At a press conference today, Google's new cloud boss Diane Greene said the company's cloud tech is on par with competitors.
The real challenge is getting the word out.
"We're getting a lot of confidence because the customers that are on us actually love us quite a bit," Greene says.
Google Cloud Platform is the company's entrant in the ongoing cloud race with Amazon and Microsoft, where the tech giants let developers and IT departments rent functionally unlimited computing power from their hyperefficient datacenters.
For the last several years, Google has been seen as lagging in the cloud market thanks to a weakness with big businesses, even as the overall market has exploded into a market worth many billions.
But Greene insists the company is dedicated to turning that around with a renewed focus on winning over those corporate customers.
As evidence, she says, consider that Google CEO Sundar Pichai and Alphabet Executive Chairman Eric Schmidt appeared at today's Google cloud event.
If nothing else, the fact that Google Cloud Platform exists in Google's global network of hugely efficient data centers is still a huge product advantage, for cost, reliability, and ability to scale. After all, Greene says, Google has invested lots of cash in those data centers, and it wants to maximize its investment.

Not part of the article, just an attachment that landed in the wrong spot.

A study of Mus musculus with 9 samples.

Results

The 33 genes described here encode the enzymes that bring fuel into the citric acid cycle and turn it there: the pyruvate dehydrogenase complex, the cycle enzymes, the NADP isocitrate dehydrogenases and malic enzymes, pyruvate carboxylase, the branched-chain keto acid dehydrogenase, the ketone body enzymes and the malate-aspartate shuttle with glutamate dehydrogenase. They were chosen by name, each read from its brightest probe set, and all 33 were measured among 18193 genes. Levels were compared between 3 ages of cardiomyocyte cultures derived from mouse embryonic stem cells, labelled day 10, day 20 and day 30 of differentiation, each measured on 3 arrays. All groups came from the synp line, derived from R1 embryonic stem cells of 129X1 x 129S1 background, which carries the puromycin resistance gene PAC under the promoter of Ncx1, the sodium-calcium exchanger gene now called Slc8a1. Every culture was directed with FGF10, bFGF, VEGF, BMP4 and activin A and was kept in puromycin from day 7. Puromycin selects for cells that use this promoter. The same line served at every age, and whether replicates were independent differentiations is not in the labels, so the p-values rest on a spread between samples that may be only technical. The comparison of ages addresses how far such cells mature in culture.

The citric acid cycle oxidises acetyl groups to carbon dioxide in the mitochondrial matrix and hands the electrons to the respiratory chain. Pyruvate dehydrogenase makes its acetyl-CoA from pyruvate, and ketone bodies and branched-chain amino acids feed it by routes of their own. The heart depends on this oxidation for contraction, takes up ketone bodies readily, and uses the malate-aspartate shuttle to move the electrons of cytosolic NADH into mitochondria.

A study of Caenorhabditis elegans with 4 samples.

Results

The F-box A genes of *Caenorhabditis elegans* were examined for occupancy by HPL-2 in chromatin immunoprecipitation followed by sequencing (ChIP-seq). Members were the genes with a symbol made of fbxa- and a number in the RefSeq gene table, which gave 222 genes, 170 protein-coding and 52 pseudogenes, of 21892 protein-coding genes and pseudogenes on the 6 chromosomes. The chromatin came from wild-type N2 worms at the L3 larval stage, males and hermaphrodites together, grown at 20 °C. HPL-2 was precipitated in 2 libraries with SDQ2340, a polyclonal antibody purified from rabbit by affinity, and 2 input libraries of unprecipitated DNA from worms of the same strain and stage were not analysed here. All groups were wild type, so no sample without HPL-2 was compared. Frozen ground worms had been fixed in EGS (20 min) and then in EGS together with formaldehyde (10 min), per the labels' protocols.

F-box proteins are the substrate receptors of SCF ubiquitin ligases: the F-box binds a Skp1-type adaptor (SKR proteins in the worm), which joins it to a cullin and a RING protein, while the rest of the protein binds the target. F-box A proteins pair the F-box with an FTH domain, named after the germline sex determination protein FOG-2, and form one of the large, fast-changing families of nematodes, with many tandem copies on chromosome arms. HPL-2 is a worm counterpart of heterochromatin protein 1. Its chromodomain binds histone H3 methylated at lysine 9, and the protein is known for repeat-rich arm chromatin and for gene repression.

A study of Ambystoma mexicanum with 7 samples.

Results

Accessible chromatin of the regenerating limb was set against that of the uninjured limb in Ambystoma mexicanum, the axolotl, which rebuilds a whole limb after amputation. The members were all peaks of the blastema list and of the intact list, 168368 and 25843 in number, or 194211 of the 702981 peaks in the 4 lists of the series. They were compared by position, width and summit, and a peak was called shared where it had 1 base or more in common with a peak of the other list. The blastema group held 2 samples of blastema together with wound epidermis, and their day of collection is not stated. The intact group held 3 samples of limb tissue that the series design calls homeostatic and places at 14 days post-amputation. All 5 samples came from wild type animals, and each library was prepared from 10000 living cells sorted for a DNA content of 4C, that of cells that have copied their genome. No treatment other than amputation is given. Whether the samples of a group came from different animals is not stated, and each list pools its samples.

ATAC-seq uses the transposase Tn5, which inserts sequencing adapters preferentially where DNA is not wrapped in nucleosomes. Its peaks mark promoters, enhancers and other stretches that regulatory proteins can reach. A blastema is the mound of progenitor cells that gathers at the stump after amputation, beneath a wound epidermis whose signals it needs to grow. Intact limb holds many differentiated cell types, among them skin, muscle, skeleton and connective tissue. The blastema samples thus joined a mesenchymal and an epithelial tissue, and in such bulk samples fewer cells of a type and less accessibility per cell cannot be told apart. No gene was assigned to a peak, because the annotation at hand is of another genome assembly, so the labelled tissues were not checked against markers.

"We're gonna put 'em to work as much as we can. This is a long term play," Greene says.
At the same conference, Google's original cloud architect — and eighth employee — Urz Hölzle explained that Google's key advantage has historically been its technology. But Google had to learn that not everybody builds bleeding-edge software like it does, Hölzle says.
In the past, Google cloud services like AppEngine reflected a very Google-ish way of building brand new apps, he says — but enterprises just wanted to make their existing ways of doing things more efficient.
And so, Hölzle says, Google will keep building new, cutting-edge services like Google Cloud Vision, which lets computers see. But Google is refocusing on making sure that those services are available for its biggest customers, but not core to the sales pitch.
"We're very agnositc to what you're actually using, as long as it works for you," Hölzle says. "At your leisure, adopt new things."
Hölzle also reaffirmed his belief that the search giant could make more from its cloud computing services than advertising by 2020.
To Hölzle's mind, the Google Clould Platform today is where Google's advertising business was back in 2000, "when we had text ads."
Google's early investment in search advertising paid off when that exploded into a tremendous market. And if you take the long view, Hölzle says, "IT services is much, much larger than the ads market."